Monday, August 09, 2010

A Tale of Two Appetizers

Charles Dickens is most surely rolling over in his grave at that title.

First, an apology - I know I am way behind on this blogging thing. It's hard to get back in the habit!

It was Maybay's birthday last weekend and she requested I bring an app. I got really excited about the options and brought two. I decided that it would be fun to bring a high-brow dish and a low-brow dish, in honor of the true fabulousness of the event's honoree.

High-Brow: Prosciutto and Fontina Pinwheels from Food and Wine

I love using puff pastry because it is basically idiot-proof. Thanks, Pepperidge Farm.

The first thing you do is roll it out. Actually, the first thing you do is thaw it. Then you roll it out. It helps to have a rolling pin for this. I misplaced mine. Which I discovered after I spread flour all over the place.

Luckily, after searching every cabinet in my kitchen three times, I remembered that maybe Mer had the pin. Success! She did (from Easter - clearly I use this thing a lot) and she was home. Game on!

Rolling out the dough is super easy. Once that's done, you just layer the goods on and roll it up.

I think the recipe lied and in retrospect I think I would put some more prosciutto on them. But they turned out ok.

They looked pretty and tasted good and sometimes that's enough!


Low-Brow: Goop

For the record, this dip was named long before Gwyneth Paltrow started her little blog-newsletter. In fact, I'm pretty sure we have it in print from an employee cookbook made by my Dad's employer in the 80s. Maybe we should sue Gwyneth. Lawyer friends, do we have a case? Any chance I can get my hands on some Coldplay cash?

Frivolous lawsuits aside, this delicious dip has been passed down from my grandmother, Nana (which is pronounced like the start of the song Na-Na-Hey-Hey-Goodbye - it does not rhyme with banana).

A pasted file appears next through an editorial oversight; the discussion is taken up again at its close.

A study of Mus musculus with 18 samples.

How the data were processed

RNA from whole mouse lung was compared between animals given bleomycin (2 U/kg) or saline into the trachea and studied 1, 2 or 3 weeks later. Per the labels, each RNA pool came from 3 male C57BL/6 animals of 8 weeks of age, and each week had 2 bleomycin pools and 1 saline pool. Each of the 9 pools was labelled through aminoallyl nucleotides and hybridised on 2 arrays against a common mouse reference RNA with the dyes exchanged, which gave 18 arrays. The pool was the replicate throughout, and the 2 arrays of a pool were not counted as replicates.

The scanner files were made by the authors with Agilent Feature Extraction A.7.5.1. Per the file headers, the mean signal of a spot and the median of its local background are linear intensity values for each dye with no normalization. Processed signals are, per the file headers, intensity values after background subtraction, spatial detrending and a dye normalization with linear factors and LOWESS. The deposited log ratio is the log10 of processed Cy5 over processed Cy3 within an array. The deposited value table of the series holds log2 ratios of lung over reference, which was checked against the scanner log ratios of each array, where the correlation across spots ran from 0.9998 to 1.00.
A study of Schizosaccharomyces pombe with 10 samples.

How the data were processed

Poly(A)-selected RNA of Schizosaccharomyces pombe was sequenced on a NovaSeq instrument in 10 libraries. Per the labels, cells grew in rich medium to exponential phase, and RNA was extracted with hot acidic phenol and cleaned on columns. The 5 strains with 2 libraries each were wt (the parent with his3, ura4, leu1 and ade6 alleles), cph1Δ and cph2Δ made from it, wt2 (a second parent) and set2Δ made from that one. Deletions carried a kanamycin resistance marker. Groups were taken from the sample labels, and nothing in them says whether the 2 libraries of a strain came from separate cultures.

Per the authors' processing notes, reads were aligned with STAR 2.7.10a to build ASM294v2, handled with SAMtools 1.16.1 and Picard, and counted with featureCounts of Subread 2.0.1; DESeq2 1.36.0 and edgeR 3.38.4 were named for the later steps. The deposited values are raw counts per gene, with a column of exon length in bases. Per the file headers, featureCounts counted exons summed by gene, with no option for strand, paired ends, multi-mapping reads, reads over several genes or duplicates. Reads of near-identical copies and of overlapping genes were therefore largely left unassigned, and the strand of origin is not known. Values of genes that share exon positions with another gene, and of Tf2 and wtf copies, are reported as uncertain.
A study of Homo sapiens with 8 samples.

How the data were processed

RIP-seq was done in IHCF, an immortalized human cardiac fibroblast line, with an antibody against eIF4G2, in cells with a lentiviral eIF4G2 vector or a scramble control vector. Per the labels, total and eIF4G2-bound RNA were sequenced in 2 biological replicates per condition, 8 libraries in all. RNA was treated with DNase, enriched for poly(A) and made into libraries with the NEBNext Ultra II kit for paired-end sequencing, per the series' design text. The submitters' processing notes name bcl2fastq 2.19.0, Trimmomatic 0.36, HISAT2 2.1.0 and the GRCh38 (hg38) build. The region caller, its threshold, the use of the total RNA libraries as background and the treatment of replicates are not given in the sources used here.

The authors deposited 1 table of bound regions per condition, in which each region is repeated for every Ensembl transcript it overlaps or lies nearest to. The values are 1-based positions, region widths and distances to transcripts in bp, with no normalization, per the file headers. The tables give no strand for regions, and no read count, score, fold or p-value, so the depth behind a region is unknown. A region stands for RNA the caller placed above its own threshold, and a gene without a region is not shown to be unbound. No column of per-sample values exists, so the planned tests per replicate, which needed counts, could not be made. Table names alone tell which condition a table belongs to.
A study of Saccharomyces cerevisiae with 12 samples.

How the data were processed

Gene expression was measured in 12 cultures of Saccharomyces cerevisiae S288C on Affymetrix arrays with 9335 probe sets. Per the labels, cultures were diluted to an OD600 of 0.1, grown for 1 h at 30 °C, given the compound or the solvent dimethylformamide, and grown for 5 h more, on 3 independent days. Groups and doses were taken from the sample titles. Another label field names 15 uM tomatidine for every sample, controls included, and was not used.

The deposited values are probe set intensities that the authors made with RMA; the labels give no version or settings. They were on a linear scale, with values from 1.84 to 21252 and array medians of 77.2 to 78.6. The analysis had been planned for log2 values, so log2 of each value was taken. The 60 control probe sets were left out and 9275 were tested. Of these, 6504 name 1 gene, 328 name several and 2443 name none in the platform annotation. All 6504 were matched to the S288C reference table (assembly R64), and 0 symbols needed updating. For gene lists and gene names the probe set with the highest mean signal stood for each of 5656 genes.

I once tried to make Goop with "real" ingredients like fresh chives and fresh garlic because in general I like to use the most authentic ingredients I can find. Guess what? It tasted like crap. And incidentally, that's what Nana would have said had she sampled it. You can't deviate from the ingredients or it just doesn't taste right.

Trust in 60+ years of this recipe. This stuff is freaking delicious - garlicky and addictive. And you would never guess it's made from cottage cheese.  

Makes about 2 cups.

  • 1 - 16 oz carton small curd cottage cheese with chives (Yes, the kind that already has chives in it. Trust in the recipe.) If you use low fat cottage cheese increase the mayo about 2 tsp. If you use large curd cottage cheese, you'll have to beat it harder and longer. That's what she said.)
  • 2 heaping Tbsp mayonnaise. Regular or lite is fine. Non-fat is unacceptable.
  • 1/4 tsp + 1/8 tsp garlic powder
Put everything in a bowl and mix with an electric hand mixer on high speed or food processor until all the curds are decimated and it's all very smooth with just teeny tiny curd texture. Chill. (You can scoop it back into the cottage cheese container, which is the traditional storage method for this dip.)

Serve with:
Mandatory: Jays ridged chips (or if you are not in Chicago and can't get Jays, you can use Ruffles)
Optional: dipping vegetables - carrots, celery, broccoli, bell pepper, cucumber


1 comment:

Alessandra said...

Note to self: buy sister a ROLLING PIN as part of birthday present. How do you not have one?!

The Goop sounds interesting (G. Paltrow's 'blog' in my opinion is more Blah, but I digress), but what is the consistancy like? I'm picturing jajik, in which case veggies would be awesome with that!

Also: you can never go wrong with Prosicutto and Fontina.